Intel Unveils Ultrabooks.JPG

May 31, 2011: A visitor plays with a tablet PC at the Intel booth during the Computex 2011 computer fair at the TWTC Nangang exhibition hall in Taipei. (Reuters / Pichi Chuang)

Intel unveiled a new category of laptops that it says will include the best features of tablets as the world's top chipmaker struggles to find its footing in the exploding market for mobile gadgets.

Netbook pioneer Asustek showed its first new PC in Intel's "Ultrabook" class, the UX series, on Monday at the Computex computer show in Taipei. Intel said models made by other manufacturers would go on sale by Christmas and cost under $1,000.

Ultrabooks will be svelte and lightweight but still pack high-performance processors. They should account for 40 percent of laptop sales to consumers by the end of next year, Tom Kilroy, a senior vice president at Intel, told Reuters in an interview in San Francisco.

"We're shooting for ultra responsive. You'll have always-on, always-connected, much more responsive devices, similar to what you would see with a tablet today such as an iPad," he said.

In Taipei on Tuesday, Intel's vice president Mooly Eden called the Ultrabook a "different category" from the tablet and notebook, hoping that it would appeal to a different category of consumers.

"There'll be some confusion if you look at the fold factor; when you open it you'll see a PC but if you're on the go, just fold it and suddenly it's a tablet. Is it a PC? Is it a tablet? I think it doesn't matter," Eden told a media conference.

Santa Clara, California-based Intel is eager to make laptops more attractive to consumers who are increasingly captivated by Apple's iPad and other mobile gadgets.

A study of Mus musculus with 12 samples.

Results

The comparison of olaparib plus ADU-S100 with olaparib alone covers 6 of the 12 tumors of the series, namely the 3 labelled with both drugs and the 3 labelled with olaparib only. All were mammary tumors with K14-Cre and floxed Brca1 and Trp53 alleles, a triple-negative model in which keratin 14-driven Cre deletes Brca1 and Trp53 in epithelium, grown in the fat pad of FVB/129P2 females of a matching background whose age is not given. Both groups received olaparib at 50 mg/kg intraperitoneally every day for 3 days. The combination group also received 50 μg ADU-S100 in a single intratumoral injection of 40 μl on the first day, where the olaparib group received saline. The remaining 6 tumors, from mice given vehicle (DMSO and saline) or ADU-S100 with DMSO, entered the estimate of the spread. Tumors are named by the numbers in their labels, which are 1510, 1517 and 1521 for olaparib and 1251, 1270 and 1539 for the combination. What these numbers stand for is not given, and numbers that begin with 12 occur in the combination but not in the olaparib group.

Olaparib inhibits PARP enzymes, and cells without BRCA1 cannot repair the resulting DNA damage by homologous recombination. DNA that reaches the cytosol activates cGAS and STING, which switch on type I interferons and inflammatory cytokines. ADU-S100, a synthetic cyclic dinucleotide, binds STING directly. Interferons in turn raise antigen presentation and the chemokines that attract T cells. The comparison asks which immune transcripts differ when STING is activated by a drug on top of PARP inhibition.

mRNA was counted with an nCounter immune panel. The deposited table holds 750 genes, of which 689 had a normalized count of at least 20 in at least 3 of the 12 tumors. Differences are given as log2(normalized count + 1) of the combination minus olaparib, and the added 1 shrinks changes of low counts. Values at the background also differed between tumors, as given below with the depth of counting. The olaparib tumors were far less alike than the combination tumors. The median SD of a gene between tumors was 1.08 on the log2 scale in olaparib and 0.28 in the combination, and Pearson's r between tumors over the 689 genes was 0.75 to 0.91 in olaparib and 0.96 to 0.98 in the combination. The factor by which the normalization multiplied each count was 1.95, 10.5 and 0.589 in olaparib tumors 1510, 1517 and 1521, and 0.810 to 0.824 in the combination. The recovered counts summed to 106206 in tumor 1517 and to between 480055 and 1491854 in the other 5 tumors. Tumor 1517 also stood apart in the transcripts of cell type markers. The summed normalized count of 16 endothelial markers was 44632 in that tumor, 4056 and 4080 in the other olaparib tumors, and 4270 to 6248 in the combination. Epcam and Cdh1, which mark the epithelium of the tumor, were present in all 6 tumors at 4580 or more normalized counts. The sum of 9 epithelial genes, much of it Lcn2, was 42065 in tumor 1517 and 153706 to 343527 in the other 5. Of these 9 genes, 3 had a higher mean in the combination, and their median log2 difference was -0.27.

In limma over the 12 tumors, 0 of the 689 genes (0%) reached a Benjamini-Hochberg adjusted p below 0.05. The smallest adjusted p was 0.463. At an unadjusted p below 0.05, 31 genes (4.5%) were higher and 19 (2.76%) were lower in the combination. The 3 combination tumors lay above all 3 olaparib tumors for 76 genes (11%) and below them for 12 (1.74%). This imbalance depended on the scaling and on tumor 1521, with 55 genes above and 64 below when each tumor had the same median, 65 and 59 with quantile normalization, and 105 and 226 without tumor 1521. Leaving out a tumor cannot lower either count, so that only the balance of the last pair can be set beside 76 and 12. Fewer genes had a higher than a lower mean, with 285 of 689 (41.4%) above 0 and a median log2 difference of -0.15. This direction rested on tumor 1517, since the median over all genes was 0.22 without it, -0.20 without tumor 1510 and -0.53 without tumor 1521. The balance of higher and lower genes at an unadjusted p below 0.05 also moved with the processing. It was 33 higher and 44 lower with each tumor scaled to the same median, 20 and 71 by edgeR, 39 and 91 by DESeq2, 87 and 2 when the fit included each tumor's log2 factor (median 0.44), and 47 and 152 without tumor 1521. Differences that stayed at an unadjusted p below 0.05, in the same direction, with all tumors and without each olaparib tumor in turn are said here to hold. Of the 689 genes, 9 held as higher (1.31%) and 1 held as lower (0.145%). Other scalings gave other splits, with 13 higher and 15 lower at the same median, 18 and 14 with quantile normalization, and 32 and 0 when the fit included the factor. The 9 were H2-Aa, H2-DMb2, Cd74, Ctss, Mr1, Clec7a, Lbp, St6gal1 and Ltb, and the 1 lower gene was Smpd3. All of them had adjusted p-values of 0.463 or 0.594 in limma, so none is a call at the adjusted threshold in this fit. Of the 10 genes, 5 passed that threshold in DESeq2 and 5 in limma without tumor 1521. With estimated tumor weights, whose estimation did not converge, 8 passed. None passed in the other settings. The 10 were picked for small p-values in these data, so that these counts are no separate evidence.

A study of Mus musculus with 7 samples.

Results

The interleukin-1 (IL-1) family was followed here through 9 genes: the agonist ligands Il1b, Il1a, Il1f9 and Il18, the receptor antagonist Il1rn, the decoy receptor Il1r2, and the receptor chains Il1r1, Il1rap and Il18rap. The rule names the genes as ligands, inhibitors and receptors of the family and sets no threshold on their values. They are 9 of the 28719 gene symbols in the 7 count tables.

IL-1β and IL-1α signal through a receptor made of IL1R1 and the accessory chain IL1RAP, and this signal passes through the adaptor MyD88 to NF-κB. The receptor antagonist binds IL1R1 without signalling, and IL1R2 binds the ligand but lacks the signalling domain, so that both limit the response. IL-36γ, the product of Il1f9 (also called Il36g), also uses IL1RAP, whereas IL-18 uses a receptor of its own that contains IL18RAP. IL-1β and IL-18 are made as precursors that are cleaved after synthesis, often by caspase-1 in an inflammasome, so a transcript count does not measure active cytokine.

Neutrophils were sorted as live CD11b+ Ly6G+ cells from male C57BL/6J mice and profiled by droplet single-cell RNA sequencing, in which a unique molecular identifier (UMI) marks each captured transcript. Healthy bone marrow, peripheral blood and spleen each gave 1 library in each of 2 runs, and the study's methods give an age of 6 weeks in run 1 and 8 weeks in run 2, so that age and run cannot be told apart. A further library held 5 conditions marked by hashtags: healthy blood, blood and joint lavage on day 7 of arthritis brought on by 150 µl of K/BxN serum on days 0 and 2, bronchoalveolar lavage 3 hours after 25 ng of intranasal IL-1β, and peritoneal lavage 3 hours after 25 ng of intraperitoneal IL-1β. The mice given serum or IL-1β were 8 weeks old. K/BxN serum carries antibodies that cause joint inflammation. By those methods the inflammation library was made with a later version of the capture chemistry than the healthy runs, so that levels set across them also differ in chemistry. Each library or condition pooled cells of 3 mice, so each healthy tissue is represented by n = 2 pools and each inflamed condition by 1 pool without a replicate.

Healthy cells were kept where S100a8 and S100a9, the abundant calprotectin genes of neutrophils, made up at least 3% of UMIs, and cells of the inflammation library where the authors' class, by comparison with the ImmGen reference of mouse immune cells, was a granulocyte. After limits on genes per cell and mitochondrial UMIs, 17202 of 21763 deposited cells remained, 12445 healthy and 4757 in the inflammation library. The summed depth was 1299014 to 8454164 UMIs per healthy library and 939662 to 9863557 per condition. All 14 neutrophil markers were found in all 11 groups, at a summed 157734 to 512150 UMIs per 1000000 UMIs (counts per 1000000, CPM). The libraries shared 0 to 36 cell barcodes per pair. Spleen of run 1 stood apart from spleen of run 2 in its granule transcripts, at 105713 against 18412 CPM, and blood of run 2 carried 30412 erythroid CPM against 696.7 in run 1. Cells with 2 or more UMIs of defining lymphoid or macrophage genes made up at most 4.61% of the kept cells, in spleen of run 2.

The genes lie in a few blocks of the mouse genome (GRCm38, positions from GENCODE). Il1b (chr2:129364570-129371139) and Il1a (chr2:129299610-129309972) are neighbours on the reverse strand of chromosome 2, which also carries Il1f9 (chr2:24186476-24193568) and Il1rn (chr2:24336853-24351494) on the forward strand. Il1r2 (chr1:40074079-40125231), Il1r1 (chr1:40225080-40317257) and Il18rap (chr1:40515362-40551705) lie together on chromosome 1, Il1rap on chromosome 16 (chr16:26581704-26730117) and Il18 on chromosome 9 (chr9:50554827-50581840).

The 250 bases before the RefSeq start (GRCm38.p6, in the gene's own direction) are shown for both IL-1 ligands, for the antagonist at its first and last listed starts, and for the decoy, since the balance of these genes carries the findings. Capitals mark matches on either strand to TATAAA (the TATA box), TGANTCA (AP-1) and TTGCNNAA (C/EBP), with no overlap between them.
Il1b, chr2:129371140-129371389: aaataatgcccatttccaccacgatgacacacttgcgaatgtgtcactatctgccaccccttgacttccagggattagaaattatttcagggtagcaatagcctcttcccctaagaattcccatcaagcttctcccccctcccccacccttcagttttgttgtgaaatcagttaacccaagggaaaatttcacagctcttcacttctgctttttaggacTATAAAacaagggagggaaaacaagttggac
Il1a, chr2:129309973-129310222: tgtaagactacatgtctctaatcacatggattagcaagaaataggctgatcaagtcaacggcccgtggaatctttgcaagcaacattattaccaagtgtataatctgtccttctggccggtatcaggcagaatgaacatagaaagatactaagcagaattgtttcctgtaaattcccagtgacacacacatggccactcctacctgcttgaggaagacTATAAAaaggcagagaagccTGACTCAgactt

Its processors power 80 percent of the world's PCs but Intel has failed so far to adapt them for smartphones and tablets. Manufacturers like Motorola and Apple favor processors made using energy-efficient technology licensed by Britain's ARM Holdings.

Commenting on competition with ARM, Eden said Intel is late in the tablet market but it is not a "failure."

"We're late. Today there are many tablets that don't have Intel inside, but we're putting in a lot of effort in order to catch up. And I believe we have caught up in tablets."

This month, Intel took the wraps off next-generation "3D" technology that crams more transistors onto microchips, betting it will eventually become a significant advantage in tablets and smartphones.

Intel also plans to shrink the circuits on its mobile chips by three sizes within three years -- a faster pace than normal --to make them much more efficient.

Kilroy declined to comment on recent speculation that PC maker Acer Inc is planning to launch a tablet within months using Intel's brand new Oak Trail chip and Google's Android operating system. Acer could not be reached for comment.

Such a device would be a major test of Oak Trail, Intel's first chip designed specifically for tablets and able to support the widely popular Android platform.

The Ultrabook is not the first PC category that Intel and Asus have promoted together. In 2007, Asus introduced a small and simplified laptop that is widely viewed as the first of many low-cost "netbooks" geared toward surfing the Internet.

Kilroy said that prices for Ultrabook laptops would likely fall to around $600 within a couple of years.